What’s in a name?
Though often mispronounced, Two Sheds is the band name on everyone’s lips these days
There’s an old Monty Python skit in which Eric Idle interviews Arthur “Two Sheds” Jackson, a composer played by Terry Jones. In the interview, Idle focuses on Jackson’s nickname rather than the subject of his music until the flustered composer says, “Look. This shed business—it doesn’t really matter. The sheds aren’t important. A few friends call me Two Sheds, and that’s all there is to it. I wish you’d ask me about the music. Everybody talks about the sheds.”
That transcription might not do it justice, but this is funny shit. It fits Caitlin Gutenberger’s personality, so it’s no wonder she drew on Monty Python to name her band, Two Sheds. Gutenberger does not, in fact, have two sheds. She is not thinking of getting another, and no one calls her “Two Sheds.” But her band—herself; her husband, Johnny Gutenberger; and musician extraordinaire Rusty Miller—has gained enough attention in Sacramento in the last year to keep the name Two Sheds on the music scene’s collective lips. Unlike Arthur “Two Sheds” Jackson, Gutenberger should have no trouble getting people to talk about her music.
During a recent interview, the Gutenbergers discussed the secret origins of Two Sheds. “I knew she had a guitar, but she never played in front of me,” claimed Johnny, a member of such Sacramento mainstay bands as Milwaukee and Jackpot. “You know, some people have a guitar, and they know a couple of chords. But she started playing, like, [the Beatles’] ‘Blackbird’ and this other fingerpicking stuff. I mean, I knew she played guitar, but I didn’t know she played guitar.” This revelation came after three years of marriage.
Make no mistake; Caitlin flexes serious guitar muscle. Her Travis-picking guitar style (think acoustic bluegrass or country fingerpicking) and guitar riffs are the product of solid talent. When Johnny discovered this hidden talent, he forced Caitlin to write her own material. When she balked, suggesting that she couldn’t play well enough, the rock veteran responded, “I can’t even play your songs.”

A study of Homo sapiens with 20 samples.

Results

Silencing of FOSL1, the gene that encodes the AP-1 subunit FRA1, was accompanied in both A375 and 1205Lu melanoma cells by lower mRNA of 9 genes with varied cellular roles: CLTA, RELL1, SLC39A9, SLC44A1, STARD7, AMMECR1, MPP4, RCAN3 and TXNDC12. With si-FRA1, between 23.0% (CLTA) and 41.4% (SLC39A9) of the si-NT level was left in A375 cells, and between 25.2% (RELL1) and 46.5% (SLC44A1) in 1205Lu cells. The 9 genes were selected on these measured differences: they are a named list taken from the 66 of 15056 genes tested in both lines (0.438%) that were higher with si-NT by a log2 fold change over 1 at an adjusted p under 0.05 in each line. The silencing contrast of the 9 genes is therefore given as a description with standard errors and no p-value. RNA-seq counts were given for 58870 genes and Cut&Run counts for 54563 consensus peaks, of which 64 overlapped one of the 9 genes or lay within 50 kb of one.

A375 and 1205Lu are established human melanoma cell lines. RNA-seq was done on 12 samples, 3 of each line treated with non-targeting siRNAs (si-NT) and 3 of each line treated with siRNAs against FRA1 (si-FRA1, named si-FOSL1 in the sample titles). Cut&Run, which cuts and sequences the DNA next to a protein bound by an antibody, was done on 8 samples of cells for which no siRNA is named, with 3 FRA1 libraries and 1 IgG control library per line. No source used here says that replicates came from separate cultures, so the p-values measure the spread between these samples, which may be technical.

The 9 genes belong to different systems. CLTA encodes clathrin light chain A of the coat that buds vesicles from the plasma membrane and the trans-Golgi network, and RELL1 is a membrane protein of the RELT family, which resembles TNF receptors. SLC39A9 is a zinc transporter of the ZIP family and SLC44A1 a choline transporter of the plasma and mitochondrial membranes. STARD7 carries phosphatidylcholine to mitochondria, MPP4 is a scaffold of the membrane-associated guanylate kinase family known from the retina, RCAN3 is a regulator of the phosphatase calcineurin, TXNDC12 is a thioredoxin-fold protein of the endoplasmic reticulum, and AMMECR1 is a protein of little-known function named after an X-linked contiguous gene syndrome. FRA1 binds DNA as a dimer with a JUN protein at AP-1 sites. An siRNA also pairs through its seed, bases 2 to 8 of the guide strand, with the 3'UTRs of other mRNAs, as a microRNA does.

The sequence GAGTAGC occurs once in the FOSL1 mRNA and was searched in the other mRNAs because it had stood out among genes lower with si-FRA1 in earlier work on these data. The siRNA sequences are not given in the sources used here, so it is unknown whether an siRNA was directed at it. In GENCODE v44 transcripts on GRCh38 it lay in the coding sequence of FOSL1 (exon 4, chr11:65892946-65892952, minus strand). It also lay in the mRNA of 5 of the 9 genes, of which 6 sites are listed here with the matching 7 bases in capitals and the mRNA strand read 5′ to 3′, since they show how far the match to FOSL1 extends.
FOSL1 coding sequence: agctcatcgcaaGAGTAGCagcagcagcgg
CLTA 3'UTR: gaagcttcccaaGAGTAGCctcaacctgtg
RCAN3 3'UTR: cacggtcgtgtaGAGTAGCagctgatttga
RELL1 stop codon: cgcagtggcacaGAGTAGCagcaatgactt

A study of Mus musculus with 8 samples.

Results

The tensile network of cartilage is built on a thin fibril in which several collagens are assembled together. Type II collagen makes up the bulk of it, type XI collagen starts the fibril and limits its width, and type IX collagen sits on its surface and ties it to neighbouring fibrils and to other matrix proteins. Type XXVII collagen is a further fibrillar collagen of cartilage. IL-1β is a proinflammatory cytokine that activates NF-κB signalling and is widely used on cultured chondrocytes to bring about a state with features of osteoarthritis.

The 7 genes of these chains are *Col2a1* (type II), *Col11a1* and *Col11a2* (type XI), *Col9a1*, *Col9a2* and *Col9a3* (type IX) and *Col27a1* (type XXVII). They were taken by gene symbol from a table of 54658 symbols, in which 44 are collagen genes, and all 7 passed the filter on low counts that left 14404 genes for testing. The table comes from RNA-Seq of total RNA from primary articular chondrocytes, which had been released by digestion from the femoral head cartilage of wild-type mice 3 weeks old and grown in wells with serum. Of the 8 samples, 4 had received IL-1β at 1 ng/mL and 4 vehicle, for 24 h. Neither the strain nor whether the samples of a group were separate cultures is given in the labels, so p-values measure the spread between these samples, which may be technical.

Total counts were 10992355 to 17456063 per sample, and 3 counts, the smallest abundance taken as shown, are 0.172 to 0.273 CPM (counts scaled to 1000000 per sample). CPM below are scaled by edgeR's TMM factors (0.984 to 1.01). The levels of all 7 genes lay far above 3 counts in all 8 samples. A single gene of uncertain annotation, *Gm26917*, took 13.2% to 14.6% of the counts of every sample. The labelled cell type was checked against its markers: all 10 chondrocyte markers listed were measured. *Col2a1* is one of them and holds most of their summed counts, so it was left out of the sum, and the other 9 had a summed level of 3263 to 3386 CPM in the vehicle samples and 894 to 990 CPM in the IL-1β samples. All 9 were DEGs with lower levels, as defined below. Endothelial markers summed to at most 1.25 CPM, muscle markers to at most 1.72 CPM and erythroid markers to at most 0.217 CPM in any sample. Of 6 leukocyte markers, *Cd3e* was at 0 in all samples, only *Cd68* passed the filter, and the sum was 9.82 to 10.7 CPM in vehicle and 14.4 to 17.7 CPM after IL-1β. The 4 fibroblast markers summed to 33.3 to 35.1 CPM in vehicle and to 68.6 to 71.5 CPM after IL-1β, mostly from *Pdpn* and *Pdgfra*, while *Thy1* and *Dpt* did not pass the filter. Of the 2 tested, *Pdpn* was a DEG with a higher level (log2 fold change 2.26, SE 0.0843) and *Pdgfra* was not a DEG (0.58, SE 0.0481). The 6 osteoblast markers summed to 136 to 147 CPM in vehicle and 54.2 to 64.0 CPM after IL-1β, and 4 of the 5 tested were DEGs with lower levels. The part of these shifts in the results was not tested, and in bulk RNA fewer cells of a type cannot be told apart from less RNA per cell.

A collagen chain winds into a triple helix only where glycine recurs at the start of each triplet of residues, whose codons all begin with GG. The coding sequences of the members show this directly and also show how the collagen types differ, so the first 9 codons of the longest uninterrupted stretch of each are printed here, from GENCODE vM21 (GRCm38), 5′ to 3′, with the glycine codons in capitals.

As Caitlin explained, “He was in a band forever, and I think there was a certain amount of ‘I don’t want to play around this guy.’”
So, when Johnny was working on a Jackpot record, Caitlin, feeling like “the ditched kid sister,” wrote a handful of songs. Johnny volunteered the two to perform a casual Valentine’s Day couples show at Old Ironsides last year.
Afterward, Caitlin posted some of her songs on her MySpace account—and unwittingly cemented the band’s name. “We started getting shows before I could change it, so now we’re stuck with it,” she said. “People mess it up all the time. Someone wrote once that during Halloween we should call ourselves Boo Sheds. Or maybe I said that.”
Last August, Caitlin, Johnny and Miller began recording Two Sheds’ debut CD, Strange Ammunition, with producer Robert Cheek (who recorded An Angle’s latest album). The as-yet-unreleased disc introduces Caitlin’s beautiful range of songwriting talent. “The Ballad of Salty Dog” provides the best example of Caitlin’s Travis-picking guitar style, establishing playfulness along with some shifting time signatures. “For Teresa” evokes a clear vocal comparison to Hope Sandoval or a velvety ’60s-era tone reminiscent of Dusty Springfield. “Undertow” will simply strip the enamel off your teeth. It’s one of those songs that musicians hear and wish they’d written. It features a classy rock ’n’ roll guitar riff, perfectly accompanied by Johnny’s bass line and an infectious “la la” chorus.
Johnny’s bass-guitar work fits perfectly throughout the record and Two Sheds’ live shows. Often he is a second guitar, using a Fender Twin Reverb guitar amp to get some heavy tones.
The release date for Strange Ammunition, on Sacramento label Under a Cloud, is yet to be determined. In the meantime, Two Sheds has two shows this week and a full gig schedule at www.myspace.com/twosheds.